Earlier today, version 1.0 of 10up’s Publisher Media Kit went live in the WordPress plugin directory. It is a preconfigured set of blocks and patterns for jump-starting a media kit page for small and medium-sized publications.
When I first noticed the plugin, my mind immediately jumped to press kits and branding pages for businesses. Not enough companies within the WordPress space have such pages, and it can often be hard for journalists and other writers to find information. While this plugin is geared toward publications, small businesses can still get some use out of the plugin with a few changes.
Given that WP Tavern just launched its new design yesterday, this might be an opportunity for us to lead the way. The plugin does give me a few ideas on what we could do with a similar page here on the site.
Publisher Media Kit has been tested with Twenty Twenty-One, Newspack, and several Newspack child themes. I did run it through most of those to check for compatibility, and the plugin worked admirably. However, I primarily tested it with Twenty Twenty-Two, the upcoming default WordPress theme. Aside from a few layout alignment quirks, it worked well.
The plugin automatically creates a new “Media Kit” draft page on the website once it is activated. The content is a set of pre-defined sections built from eight patterns and an accompanying Tabs block.
Partial screenshot of Media Kit page.
This allows users to quickly fill in their own content and make customizations. Once done, it is just a matter of hitting the publish button.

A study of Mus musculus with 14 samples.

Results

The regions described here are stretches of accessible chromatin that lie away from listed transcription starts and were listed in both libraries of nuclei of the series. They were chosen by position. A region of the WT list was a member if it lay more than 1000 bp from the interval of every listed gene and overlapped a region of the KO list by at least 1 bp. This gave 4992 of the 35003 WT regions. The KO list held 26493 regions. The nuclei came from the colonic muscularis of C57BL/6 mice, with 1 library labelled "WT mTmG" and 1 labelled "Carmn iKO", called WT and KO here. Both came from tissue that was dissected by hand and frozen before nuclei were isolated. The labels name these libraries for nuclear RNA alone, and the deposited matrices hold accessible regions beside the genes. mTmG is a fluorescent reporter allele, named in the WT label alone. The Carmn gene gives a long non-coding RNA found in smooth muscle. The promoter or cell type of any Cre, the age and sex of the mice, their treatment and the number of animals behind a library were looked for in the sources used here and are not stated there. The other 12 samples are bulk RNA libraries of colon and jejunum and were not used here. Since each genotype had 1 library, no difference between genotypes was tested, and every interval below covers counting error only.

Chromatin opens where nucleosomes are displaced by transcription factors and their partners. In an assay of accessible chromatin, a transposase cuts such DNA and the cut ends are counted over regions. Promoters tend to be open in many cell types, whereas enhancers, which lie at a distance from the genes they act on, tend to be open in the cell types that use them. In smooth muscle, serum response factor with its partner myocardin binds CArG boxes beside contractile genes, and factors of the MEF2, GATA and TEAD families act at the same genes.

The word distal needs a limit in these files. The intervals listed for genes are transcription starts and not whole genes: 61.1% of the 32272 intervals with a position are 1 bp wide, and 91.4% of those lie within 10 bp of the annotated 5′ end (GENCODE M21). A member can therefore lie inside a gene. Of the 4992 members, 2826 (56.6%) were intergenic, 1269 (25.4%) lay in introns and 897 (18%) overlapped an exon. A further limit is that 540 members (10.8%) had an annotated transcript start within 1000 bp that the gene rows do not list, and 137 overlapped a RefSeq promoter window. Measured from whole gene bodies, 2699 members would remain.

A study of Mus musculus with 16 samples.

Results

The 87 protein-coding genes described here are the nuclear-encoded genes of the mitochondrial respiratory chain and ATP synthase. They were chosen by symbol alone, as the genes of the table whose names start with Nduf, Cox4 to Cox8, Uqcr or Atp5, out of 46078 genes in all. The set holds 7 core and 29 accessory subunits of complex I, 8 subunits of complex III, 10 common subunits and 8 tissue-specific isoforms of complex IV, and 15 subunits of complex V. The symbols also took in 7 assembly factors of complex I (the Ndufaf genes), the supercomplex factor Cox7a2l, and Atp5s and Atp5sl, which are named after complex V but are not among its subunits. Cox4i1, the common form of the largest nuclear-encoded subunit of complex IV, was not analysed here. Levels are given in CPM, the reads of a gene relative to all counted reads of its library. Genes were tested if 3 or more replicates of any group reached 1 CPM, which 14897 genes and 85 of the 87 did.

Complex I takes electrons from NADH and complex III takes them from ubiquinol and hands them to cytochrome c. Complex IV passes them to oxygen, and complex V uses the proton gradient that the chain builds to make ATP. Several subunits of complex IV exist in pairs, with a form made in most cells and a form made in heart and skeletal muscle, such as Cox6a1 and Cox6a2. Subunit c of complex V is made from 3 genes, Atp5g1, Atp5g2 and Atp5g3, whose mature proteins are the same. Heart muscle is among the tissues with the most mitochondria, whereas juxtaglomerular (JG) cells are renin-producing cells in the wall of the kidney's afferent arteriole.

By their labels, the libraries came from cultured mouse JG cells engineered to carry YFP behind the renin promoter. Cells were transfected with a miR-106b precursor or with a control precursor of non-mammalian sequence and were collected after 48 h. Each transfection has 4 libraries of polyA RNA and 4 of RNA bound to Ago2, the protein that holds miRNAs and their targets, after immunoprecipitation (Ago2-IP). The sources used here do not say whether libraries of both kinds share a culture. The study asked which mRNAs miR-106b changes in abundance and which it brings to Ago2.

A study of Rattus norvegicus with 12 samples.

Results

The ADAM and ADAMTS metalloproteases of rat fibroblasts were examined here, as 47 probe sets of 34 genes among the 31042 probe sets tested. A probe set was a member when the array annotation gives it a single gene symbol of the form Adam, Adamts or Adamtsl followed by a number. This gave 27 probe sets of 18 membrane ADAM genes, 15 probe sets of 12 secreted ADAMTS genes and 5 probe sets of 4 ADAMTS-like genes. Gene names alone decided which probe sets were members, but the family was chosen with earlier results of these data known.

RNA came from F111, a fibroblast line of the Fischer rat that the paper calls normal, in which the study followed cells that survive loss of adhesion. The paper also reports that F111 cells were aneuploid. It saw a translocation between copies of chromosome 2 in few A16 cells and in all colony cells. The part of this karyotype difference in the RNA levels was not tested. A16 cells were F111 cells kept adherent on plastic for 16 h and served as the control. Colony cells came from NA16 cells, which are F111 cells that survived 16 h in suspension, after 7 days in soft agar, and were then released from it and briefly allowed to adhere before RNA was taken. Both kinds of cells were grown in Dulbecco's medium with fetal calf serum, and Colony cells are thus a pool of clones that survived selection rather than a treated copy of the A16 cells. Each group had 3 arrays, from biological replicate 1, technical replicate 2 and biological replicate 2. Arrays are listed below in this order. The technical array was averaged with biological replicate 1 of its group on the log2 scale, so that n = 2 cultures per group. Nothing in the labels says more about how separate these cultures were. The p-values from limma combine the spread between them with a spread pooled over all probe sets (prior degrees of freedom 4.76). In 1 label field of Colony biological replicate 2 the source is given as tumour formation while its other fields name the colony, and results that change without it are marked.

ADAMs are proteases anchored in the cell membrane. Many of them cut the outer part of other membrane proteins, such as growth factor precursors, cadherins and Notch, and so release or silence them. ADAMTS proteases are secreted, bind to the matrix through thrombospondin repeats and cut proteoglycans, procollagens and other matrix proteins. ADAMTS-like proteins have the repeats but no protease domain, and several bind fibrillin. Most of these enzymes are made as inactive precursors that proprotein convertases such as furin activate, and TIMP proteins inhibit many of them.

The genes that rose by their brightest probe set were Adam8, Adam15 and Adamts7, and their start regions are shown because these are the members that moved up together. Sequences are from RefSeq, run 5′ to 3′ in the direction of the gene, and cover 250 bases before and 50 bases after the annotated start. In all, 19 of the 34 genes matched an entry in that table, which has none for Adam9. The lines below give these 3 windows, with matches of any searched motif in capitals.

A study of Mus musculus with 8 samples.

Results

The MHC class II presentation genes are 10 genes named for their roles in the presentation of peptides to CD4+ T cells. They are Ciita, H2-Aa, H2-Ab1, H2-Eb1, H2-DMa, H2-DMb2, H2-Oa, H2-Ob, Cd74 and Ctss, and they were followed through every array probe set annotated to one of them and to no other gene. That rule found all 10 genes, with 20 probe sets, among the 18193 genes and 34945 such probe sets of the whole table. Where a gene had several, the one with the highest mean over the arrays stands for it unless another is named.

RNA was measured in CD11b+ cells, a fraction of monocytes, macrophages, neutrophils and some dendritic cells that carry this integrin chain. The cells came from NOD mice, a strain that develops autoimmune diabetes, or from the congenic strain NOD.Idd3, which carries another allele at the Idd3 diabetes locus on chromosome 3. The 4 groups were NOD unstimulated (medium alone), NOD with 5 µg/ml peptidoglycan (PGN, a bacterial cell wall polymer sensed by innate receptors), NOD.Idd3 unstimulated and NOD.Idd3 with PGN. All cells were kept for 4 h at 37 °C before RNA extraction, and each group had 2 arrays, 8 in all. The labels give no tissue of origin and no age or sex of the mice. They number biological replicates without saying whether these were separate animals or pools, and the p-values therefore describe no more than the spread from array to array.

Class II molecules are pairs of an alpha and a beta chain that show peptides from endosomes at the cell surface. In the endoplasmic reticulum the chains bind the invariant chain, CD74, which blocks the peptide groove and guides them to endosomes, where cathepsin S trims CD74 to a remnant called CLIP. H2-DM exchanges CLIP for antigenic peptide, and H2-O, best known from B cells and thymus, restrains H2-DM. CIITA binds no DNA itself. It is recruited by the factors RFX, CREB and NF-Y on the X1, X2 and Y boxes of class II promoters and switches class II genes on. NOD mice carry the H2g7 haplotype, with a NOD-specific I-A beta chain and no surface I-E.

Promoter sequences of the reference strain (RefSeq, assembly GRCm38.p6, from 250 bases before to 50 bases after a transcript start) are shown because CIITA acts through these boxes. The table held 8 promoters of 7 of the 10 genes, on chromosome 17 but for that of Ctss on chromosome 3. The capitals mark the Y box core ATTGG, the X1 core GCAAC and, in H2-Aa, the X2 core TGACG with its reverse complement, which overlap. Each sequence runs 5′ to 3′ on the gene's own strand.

However, end-users can take things into their own hands by using the various patterns on any post or page of their site. The cover, stats, and questions/contact patterns work well as general-use patterns.
The plugin’s custom block patterns.
Note: I deleted a couple of the patterns from the screenshot above. For some reason, they were rendered invalid in the patterns explorer but worked fine when inserted into the content canvas.
I would love to see a standalone version of the Tabs block included with the plugin. It is showcased in the rates and digital ad specs patterns, but it is so easy to create new tabbed content that I cannot help but want to use it with other projects.
Tabs block in the editor.
It could become a popular tabs solution with a few design options like colors, borders, and typography. It is minimal at the moment, but its user experience would make for an ideal foundation for a single-block plugin.
One of my favorite things about the block system is that it makes plugins like Publisher Media Kit feasible. In the past, it was virtually impossible to ship a content-focused plugin and expect it to work with most themes, at least not without a lot of custom design work. That meant that solid solutions would often stay in-house with agencies with no ideal way of shipping them.
The standardization of blocks has bridged much of that gap. As the system continues evolving, especially with more design options, I expect to see similar plugins in the future.